Southern Miss’ Gay Straight Alliance hosted religious leaders from campus, Hattiesburg and nearby communities as part of their “Religious, Secular and Spiritual Paths to Enlightenment” panel Thursday.
Its mission has been to bring religious and secular leaders together to foster conversation about the intersection of LGBTQ acceptance and affirmation within various faith and non-faith communities.
The panel is now in its third year after two previously successful programs.
“There are members of our organization and friends of mine that faith is a very big part of their life and they feel excluded in other groups because of their sexual orientation or gender identity,” said Zackari Arbogast, GSA president.
“To open up that conversation and make a safe place for them to talk about it and for others to talk about it, that’s important,” he added.
Each year the GSA has reached out to different religious and non-religious groups to fill out the panel.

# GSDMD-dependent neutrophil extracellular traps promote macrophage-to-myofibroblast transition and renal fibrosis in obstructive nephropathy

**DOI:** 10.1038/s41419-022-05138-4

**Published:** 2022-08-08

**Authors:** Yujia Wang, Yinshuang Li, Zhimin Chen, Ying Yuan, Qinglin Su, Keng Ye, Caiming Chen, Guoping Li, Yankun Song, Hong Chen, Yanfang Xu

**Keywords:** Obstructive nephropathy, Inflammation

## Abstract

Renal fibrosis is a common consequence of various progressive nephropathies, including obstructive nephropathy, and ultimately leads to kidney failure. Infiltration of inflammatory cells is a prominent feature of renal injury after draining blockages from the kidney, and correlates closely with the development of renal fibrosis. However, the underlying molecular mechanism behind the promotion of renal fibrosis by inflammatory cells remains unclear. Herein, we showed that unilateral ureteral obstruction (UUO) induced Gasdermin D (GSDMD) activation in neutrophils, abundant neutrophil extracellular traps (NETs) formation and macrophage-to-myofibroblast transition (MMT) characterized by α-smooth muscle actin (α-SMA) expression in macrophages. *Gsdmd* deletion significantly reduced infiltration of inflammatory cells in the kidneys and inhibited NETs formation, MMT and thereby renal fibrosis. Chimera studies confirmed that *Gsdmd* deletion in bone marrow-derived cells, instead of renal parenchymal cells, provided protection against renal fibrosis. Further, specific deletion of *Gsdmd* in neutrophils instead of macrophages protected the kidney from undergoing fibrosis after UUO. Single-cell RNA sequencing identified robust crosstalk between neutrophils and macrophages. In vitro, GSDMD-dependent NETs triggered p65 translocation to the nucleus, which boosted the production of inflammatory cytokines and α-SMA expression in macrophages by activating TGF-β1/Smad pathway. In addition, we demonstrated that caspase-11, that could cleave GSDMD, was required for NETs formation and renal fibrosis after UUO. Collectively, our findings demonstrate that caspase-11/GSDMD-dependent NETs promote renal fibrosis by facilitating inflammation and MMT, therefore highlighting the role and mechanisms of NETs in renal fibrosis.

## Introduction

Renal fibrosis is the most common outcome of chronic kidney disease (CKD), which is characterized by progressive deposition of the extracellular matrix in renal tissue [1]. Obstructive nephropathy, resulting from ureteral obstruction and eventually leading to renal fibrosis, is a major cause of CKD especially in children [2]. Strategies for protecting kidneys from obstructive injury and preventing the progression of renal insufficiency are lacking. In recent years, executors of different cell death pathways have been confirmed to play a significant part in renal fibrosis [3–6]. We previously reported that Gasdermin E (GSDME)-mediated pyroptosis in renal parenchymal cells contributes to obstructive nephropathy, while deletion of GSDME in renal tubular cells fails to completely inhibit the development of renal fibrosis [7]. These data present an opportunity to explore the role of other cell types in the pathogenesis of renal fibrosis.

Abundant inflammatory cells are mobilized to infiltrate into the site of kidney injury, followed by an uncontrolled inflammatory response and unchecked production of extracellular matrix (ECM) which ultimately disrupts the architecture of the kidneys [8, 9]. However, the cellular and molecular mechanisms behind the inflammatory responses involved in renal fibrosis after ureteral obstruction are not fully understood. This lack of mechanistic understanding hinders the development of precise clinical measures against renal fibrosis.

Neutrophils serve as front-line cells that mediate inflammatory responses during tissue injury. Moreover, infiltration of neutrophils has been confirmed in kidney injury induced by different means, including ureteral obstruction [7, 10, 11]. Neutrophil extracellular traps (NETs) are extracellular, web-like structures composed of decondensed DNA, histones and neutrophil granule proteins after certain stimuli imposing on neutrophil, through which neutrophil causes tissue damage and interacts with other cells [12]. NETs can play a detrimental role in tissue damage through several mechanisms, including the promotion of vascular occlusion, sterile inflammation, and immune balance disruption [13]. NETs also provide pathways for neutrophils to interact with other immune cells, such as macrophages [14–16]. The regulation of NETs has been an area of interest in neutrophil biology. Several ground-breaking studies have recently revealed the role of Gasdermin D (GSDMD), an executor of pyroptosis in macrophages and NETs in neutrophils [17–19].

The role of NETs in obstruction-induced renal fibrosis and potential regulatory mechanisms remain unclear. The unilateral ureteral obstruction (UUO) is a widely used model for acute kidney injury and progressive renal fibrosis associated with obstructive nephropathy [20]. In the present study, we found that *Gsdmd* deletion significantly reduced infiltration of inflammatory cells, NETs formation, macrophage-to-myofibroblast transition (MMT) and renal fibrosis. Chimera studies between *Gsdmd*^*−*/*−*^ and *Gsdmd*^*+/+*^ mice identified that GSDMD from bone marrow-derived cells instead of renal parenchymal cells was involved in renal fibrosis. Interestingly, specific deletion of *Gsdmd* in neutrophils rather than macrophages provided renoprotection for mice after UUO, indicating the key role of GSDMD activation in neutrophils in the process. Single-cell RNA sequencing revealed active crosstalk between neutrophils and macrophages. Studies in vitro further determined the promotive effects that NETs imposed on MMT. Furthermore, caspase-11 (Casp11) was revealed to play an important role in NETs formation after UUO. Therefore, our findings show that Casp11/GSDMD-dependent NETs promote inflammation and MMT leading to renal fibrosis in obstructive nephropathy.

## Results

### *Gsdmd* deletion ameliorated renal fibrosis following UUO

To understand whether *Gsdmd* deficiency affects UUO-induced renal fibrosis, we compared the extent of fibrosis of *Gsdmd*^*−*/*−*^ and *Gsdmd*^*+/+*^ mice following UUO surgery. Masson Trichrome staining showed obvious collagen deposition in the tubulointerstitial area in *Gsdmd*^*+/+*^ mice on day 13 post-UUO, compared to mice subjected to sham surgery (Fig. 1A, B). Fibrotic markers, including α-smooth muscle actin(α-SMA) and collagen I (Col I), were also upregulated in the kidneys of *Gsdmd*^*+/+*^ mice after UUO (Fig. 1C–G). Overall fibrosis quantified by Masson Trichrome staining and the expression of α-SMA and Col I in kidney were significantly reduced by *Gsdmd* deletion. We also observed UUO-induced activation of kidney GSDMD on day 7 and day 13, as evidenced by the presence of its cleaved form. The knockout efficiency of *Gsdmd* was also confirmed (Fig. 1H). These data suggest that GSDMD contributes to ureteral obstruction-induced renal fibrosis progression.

“If we have [GSA] members who are also members of LGBT churches or faith groups or student ministries, we reach out to them through that,” said Jessica Piness, a GSA council member.
Included on this year’s panel were representatives from a Zen Buddhist group, Trinity Episcopalian Church, Hattiesburg Unitarian Universalist Fellowship, USM’s Secular Student Alliance and Safe Harbor Family Church in Jackson.
Each panelist shed light on how their respective denominations became inclusive to members of the LGBTQ community. They also explained what services were available to the community through their organizations.
Avery Hilbert, a senior public relations major, attended the panel for the first time and enjoyed the conversation.
“It was an amazing opportunity,” she said. “The members of the panel were very open and had no problem answering any question the audience proposed.”
She also plans to attend one of the panel member’s services.
“I never heard of the Unitarian Universalist [Fellowship] and I find it to be fascinating,” Hilbert said. “I definitely want to attend one of their services.”
Piness stressed the reality of how faith intersects with other aspects of people’s lives.
“Not all aspects of the [LGBTQ] community, but certain pockets of the community aren’t accepting of religion and they think that people’s lives are very complicated,” she said. “We can’t separate our sexual orientation or our gender identity from our faith or race or our socio-economic background.”